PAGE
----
Cold discomfort: Aztecs oust icy Lobo women in MWC tournament quarterfinal

Mar. 11—LAS VEGAS, Nev. — Sometimes basketball really is a simple game.

Such was the unpleasant truth for the University of New Mexico women Tuesday. The Lobos simply couldn't make baskets when they needed them, San Diego State did.

UNM missed its first 10 3-point shots, fell into a deep early hole and never got out in a 67-56 quarterfinal loss at the Mountain West tournament. The Lobos finished 3-for-17 from beyond the arc, while the Aztecs went 8-for-20 and hit the ones that mattered at the Thomas & Mack Center.

Nyah Wilson scored a game-high 22 points for UNM (21-11), but she got little support on the offensive end. Aniyah Augmon was the only other Lobo to reach double figures with 10 points. UNM's other three starters combined for just 10.

San Diego State (21-12) got 14 points apiece from Adryana Quezada and Jada Lewis and 12 from Kim Villalobos, who also racked up 14 rebounds. The Aztecs dominated the glass, outrebounding UNM 45-25.

The tone was set early as SDSU started 5-of-6 from the floor and raced to a 13-1 lead. The Lobos spent the rest of the game playing catch-up.

"I don't think we were aggressive enough in the first half," Augmon said. "We were more aggressive and I thought we played good defense in the second half, but that first half hurt us. We've been in that position and come back a lot this season. This time we couldn't."

Lobos coach Mike Bradbury agreed.

"In the first half we rushed some things, took uncharacteristically bad shots and San Diego State was the more aggressive team," he said. "We competed in the second half but just couldn't seem to hit shots — even when we got good, open looks."

It was a frustrating ending to a successful conference season for the second-seeded Lobos, who were knocked out by SDSU in the quarterfinals for a second straight year. The loss dashed UNM's hopes of earning an NCAA Tournament berth and leaves them awaiting news of a likely WNIT berth.

"I think we'll turn the page and be ready," Augmon said. "This one hurts more than most, but this team has stayed together and put tough losses behind us all year. We can do it again."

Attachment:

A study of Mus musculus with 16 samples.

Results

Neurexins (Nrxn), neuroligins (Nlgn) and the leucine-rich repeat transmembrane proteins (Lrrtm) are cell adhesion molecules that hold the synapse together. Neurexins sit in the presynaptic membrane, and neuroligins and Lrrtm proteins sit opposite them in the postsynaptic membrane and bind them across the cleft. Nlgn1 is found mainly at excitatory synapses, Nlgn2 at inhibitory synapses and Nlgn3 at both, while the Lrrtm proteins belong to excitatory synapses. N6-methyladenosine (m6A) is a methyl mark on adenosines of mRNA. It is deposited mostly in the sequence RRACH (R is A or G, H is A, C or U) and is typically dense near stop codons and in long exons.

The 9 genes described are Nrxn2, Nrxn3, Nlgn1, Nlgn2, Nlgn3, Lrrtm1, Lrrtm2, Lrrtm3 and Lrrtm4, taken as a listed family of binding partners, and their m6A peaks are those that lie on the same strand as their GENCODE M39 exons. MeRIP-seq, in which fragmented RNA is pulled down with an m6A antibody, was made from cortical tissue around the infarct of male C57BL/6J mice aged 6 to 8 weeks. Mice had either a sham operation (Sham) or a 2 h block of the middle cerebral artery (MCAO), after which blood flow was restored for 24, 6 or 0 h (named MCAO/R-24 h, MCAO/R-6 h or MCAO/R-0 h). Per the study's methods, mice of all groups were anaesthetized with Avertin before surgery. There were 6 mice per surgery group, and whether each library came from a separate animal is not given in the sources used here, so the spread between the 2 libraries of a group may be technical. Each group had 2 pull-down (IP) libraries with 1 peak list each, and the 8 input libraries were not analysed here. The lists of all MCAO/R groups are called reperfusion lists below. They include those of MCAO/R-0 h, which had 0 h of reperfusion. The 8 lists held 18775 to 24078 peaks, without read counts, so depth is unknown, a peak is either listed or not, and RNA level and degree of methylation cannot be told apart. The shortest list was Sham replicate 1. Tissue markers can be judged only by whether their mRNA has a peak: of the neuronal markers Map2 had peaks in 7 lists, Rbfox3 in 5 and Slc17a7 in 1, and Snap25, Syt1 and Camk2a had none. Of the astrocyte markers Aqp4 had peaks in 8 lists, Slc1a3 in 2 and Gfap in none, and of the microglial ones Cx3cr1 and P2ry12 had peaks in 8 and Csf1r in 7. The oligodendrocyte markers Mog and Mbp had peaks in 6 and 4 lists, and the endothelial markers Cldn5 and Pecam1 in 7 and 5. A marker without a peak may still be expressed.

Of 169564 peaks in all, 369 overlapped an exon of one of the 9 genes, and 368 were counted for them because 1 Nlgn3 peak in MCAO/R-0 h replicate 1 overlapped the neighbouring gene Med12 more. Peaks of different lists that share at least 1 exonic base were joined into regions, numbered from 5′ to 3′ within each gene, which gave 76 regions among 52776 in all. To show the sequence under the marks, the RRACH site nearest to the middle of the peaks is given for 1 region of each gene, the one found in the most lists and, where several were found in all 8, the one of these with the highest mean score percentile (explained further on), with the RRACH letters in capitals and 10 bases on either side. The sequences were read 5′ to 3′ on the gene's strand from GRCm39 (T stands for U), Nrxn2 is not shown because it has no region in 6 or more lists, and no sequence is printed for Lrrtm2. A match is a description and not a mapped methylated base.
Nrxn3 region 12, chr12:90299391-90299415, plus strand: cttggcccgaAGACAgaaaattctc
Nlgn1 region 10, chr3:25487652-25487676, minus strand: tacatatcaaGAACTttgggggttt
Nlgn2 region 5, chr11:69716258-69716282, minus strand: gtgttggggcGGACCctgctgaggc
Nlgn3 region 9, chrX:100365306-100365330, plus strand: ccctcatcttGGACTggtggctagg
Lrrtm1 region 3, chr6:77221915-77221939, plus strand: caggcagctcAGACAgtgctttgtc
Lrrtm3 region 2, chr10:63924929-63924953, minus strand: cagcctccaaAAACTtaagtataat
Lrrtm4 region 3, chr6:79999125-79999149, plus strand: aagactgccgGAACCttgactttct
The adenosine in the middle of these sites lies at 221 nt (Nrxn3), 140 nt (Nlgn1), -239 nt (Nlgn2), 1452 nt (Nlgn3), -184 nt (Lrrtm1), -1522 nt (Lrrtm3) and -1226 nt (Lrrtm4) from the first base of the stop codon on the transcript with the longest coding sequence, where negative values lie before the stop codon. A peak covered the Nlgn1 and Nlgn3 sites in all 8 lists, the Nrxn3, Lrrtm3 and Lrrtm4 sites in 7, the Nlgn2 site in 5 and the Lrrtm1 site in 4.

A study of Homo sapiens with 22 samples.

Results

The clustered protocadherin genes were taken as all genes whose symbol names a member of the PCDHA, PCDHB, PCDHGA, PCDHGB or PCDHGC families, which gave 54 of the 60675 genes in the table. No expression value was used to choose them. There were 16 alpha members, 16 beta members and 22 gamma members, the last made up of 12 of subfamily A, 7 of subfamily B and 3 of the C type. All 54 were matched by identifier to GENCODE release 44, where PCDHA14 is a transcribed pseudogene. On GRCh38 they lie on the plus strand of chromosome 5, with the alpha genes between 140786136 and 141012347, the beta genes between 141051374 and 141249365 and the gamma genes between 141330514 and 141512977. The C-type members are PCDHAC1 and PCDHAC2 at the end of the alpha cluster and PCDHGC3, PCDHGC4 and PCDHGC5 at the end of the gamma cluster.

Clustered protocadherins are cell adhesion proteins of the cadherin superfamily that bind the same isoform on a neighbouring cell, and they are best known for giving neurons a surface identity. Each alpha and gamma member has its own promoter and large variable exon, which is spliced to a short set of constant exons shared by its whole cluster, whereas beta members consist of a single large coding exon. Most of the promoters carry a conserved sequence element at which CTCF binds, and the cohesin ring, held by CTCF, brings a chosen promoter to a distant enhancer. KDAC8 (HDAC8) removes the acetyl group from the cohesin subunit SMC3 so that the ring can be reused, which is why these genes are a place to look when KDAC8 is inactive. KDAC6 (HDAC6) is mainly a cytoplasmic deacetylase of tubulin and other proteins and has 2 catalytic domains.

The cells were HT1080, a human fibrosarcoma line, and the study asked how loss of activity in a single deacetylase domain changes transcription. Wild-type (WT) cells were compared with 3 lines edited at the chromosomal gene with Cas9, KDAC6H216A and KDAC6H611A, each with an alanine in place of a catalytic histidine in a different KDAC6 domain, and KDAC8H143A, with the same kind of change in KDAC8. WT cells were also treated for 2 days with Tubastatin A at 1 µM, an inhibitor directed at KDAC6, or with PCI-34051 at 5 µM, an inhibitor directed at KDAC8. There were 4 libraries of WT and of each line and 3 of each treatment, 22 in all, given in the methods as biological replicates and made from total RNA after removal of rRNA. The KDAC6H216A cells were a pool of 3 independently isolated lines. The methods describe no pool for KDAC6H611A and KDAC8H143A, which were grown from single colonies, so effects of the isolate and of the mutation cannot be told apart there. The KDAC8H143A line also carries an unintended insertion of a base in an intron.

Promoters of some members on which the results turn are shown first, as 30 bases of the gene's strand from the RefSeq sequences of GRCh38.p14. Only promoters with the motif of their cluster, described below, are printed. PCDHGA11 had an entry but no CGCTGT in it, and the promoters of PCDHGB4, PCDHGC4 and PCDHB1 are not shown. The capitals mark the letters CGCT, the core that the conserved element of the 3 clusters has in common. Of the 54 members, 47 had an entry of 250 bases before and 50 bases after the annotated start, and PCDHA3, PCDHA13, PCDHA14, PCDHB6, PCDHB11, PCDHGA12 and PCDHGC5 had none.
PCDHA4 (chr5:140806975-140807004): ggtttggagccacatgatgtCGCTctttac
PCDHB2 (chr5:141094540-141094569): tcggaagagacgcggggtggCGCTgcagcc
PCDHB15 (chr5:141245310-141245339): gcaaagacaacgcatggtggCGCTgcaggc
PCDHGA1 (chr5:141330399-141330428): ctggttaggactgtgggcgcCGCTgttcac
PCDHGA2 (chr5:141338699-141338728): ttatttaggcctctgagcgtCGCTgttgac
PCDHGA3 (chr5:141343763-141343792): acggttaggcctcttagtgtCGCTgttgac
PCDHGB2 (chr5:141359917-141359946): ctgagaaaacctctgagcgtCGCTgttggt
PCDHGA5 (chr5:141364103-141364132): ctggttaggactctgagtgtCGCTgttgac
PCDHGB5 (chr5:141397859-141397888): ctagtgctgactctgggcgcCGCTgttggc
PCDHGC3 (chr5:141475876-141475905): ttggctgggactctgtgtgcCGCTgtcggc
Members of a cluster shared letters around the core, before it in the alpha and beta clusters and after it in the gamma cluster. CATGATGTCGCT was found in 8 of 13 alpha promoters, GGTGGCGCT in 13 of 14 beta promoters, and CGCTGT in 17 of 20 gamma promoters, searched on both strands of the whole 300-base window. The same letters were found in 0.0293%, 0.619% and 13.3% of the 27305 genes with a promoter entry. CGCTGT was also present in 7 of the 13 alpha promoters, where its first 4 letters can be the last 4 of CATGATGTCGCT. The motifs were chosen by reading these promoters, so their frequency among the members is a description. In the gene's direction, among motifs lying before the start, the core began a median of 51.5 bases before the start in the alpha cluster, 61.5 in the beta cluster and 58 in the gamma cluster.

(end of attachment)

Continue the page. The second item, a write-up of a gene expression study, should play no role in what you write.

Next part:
While UNM stumbled out of the starting gates Tuesday, San Diego State came out firing one day after routing San Jose State in the tournament's opening round. Bradbury believed playing Sunday helped the Aztecs shake off any postseason nerves.

"It's always an advantage on the second day," he said. "When you come back to play the third day, it's a disadvantage, but (the Aztecs) came out firing early and really put us on our heels."

The Lobos managed to weather the early storm, cutting the deficit to 18-13 after one quarter and getting as close as a four-point margin several times in the second. But SDSU put together an 11-2 run late in the half to take a 39-28 lead to intermission.

UNM was 0-6 from 3-point range in the first half and missed six of its 14 free throws. Aztecs coach Stacie Terry-Hutson said her team did an effective job executing its defensive plan.

"New Mexico has two of the best guards in the league in Wilson and Augmon," she said. "We knew we would struggle to guard them, so we wanted to avoid fouling, guard their 3-point shooters and eliminate second-chance points. For the most part, I thought we did that."

UNM amped up its intensity in the second half and managed to stay within striking distance in spite of its cold shooting. Hulda Joaquim, who scored nine points off the bench, came up with a steal and layup to get the Lobos to within 54-45 with seven minutes left.

But Meghan Fiso and Lewis soon hit dagger 3-pointers to keep the Lobos at arm's length. UNM simply could not string enough baskets together to sustain a comeback.

"It's hard because this tournament is what you look forward to," Bradbury said, "but this in no way changes my opinion of this team. It's still been the most fun team to coach in my eight years and I'm proud of everything they've done. San Diego State was exceptional on defense tonight and they shot the ball better than we did. Give them credit."